As the web grows, more and more international businesses are turning to the web. The demand for a multi-lingual website has never been so great. There are currently a few pay services out there that offer a translation API and also a few free ones (Google and Microsoft). One of the services that I have been looking at recently is the Microsoft Translator service. The API has support for SOAP, AJAX and HTTP which is a great addition to the API.
In this example, we are going to take a look at the Translator SOAP API. It's really easy to use you get up and running in a matter of minutes. One of the great things I like about this service, is that you can add your own translations to the translation memory. This means that you can add your own self translated text if you prefer. Eventually this will keep on building and the service will improve over time. The API also allows you to choose your translated text based on a rating, which is useful if you are looking for accurate translations.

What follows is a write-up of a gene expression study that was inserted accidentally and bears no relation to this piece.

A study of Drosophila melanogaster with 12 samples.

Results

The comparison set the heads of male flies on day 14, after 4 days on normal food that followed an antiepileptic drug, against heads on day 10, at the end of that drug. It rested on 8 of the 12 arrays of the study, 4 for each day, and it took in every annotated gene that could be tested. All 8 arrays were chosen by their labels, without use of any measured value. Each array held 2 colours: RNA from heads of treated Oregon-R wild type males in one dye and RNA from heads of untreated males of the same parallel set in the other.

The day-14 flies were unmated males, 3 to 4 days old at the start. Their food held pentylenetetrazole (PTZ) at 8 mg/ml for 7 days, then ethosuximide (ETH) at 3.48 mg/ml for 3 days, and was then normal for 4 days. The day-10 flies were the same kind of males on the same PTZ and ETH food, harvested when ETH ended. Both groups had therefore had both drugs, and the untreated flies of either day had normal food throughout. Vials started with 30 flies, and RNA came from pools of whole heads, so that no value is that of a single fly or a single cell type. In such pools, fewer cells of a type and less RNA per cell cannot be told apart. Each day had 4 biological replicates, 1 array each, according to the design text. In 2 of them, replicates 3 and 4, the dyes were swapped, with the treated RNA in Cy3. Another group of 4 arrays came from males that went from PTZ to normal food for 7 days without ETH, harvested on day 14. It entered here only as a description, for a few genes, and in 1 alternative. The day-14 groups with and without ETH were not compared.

First, sign up for a BING appId. Once signed up you will need to use this appId in order to make any requests to the service. Sign in with your Windows Live ID and generate an application ID according to the instructions. So, keep it in a safe place and don't share it where necessary.
Let's start off by translating some simple text. You need to add a service reference in your project to the translator API. Right click on references in your project in the solution explorer and choose "Add Service Reference"
Then add the following address. We are going to call our Namespace "TranslateService".
I added another class to my project to wrap these methods around the Visual Studio generated code, but you could always call it directly - depending on your preferences.
I am calling these methods via unit tests, but normally this would go in your application code.
Call it and voila! We have our translated text.
Another great feature of this API is that you can request a WAV file with the translated speech. Once the method has been included in our project, you simply call it and it will return the URL of a WAV file containing an audio version of the text you requested.
I've only really touched on a few of the features, but adding translated text to your site based on the user preference could be a great addition to your site. This tool is a great starting point - hope this helped a little!